Coverage Policies

The number one goal for the Mountaineer defense in 2004 is to get more pressure on the passer, but it's not so simple as just lining up an extra defensive lineman or blitzing linebackers during passing situations.

Were that the case, the WVU coaching staff would go to a four- or five-man line on many passing situations. And when they didn't, they'd probably bring a linebacker or either the spur or bandit to help bolster the rush. However, taking players out of their normal positions and throwing them into an all-out assault on the passer involves a lot more than just telling a blitzer to go get the quarterback.

Anytime a blitz is called, or when the Mountaineers go to a four-man line, changes can occur that filter all the way back to the defensive secondary. Coverage schemes may have to be altered, and players used to doing one thing (for instance, covering a deep third or one fourth of the downfield passing zone) have to do another. Do that too many times, and you risk confusing the defense.

That doesn't mean, of course, that the coaching staff is throwing up their hands and giving up on the pressure game. However, those fans expecting to see a totally different defensive look in 2004 won't get a Swan-like makeover.

"We're still going to base out of our cover three, mix in man-to-man and some quarters, and do a lot of the same things that we've been doing," defensive backs coach Tony Gibson said recently. "We can always improve on those things, though. You might see a different look every once in a while."

Reading between the lines, Gibson is saying that the Mountaineers will continue with the three deep zone (two corners and one free safety) as their base defensive package. They'll also do some quarters coverage (adding in another safety that is good at pass coverage, such as Lawrence Audena), as another of their primary zone defenses.

Man-to-man, however, is where it's at when it comes to bringing extra heat on the quarterback. If the corners can cover receivers one-on-one, then Gibson, spurs and bandits coach Bruce Tall and defensive coordinator Jeff Casteel don't have to worry quite so much at keeping an extra safety or linebacker for pass coverage. They can send that extra player into the rush, and hopefully get pressure that results in sacks, or, more realistically, incompletions.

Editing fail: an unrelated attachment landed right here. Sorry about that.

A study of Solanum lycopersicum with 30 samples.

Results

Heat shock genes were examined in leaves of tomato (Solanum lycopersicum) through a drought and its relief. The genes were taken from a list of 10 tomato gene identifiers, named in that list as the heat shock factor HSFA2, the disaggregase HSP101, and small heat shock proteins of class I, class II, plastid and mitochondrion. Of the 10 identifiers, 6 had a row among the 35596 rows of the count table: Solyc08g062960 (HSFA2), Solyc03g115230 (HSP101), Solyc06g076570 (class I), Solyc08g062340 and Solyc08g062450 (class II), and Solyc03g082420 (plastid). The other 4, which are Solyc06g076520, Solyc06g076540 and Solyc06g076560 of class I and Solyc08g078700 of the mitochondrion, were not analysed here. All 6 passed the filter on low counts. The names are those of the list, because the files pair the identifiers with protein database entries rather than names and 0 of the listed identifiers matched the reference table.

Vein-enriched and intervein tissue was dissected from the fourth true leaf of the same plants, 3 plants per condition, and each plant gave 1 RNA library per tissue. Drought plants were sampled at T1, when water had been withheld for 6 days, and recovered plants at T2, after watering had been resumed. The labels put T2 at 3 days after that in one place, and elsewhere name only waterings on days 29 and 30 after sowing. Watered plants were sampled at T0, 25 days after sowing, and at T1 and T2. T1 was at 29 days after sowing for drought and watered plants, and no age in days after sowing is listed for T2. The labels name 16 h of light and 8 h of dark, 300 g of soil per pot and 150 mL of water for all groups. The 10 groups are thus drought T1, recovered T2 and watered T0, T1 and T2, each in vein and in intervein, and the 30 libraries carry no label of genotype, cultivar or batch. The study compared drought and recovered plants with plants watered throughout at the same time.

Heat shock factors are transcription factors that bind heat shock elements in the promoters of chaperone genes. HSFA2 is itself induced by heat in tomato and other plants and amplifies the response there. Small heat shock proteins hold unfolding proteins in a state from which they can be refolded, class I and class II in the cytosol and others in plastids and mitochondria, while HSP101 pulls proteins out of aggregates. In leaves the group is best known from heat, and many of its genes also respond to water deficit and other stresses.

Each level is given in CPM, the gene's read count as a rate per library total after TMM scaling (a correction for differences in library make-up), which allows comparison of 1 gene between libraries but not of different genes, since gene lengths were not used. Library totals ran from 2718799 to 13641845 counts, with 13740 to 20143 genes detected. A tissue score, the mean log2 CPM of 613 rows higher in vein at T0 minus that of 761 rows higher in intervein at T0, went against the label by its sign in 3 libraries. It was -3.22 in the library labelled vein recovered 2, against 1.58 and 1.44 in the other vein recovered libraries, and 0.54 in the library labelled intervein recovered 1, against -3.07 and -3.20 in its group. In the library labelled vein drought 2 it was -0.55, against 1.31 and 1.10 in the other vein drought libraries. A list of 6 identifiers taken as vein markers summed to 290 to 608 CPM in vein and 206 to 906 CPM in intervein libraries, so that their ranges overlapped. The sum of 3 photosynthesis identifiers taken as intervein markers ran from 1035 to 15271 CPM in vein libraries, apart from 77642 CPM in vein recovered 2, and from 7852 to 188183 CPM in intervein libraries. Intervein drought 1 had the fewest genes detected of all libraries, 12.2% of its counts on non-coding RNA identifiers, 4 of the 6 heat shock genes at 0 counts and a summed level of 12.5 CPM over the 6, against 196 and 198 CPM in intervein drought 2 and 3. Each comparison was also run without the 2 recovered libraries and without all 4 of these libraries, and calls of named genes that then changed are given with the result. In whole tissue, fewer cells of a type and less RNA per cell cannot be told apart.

That second stat is one that Gibson believes is overlooked.

"Everyone looks at sacks, and we were last in the conference last year," the native West Virginian admitted. "But sacks aren't everything. If we can get enough pressure to hurry the throw and force a bad pass, that's almost as good."

Since WVU doesn't keep "hurries" as an official statistic, it can be difficult for the casual observer to get a good read on the effectiveness of the rush. However, there's no doubt that the Mountaineers must improve in that category in order to bolster their pass defense in 2004.

Again, however, the answer isn't quite that simple. The Mountaineers, like most collegiate teams, aren't good enough to line up and play man-to-man on every passing down. Rules in the passing game favor receivers by a large margin, and it's unfair to expect defensive backs saddled with offense-friendly rules to cover receivers all over the field.

One other area WVU's secondary will have to compensate for is height. Several Mountaineer defense backs are well south of the six-foot mark, and against today's taller, more physical wide receivers, a man-to-man matchup between a 6-3 wide receiver and a 5-10 defensive back can be an invitation for disaster.

Again, although that is a tough challenge, it's not one that Gibson will have his charges backing down from.

"He has to be technique sound," WVU's fourth-year secondary coach said of the things a shorter defensive back has to do. "And even if he is, sometimes the receiver is going to catch the ball. They have to be ahead of the game, and know what's coming and be ready for it in order to defend a well-thrown ball to a big guy. They can't get a step behind, and they have to know when the ball is going to be released and when the receiver is going to break out of his pattern. These are things that the shorter guy just can't mess up on."

Another item standing in the way of an improved rush is injuries. WVU had a four-man line package set for passing situations last year, but much of that strategy had to be scrapped when Jahmile Addae was lost for the season. That injury left WVU very thin in the secondary, and forced the coaching staff to go with more base sets, including more zone coverage in the secondary.

While that strategy was a solid one, yielding a conference co-championship and a New Year's Day bowl, it did make WVU's pass defensive somewhat static.

The goal for this year is to mix in enoguh different strategies, inclduing four- and five-man lines, along with occasional blitzes, to keep offesnes off balance, while at the same time sustaining the solid rushing defense that is a strength of the 3-3 stack.

With all of the different looks and schemes that were experimented with during the spring, it's plain to see that getting a better rush, and more sacks, is the primary goal for the 2004 WVU defense. The trick will be to achieve that task without yielding in other areas, such as rushing defense. It's a balancing act, and one that will get a great deal of scrutiny once fall camp opens in a little more than two months.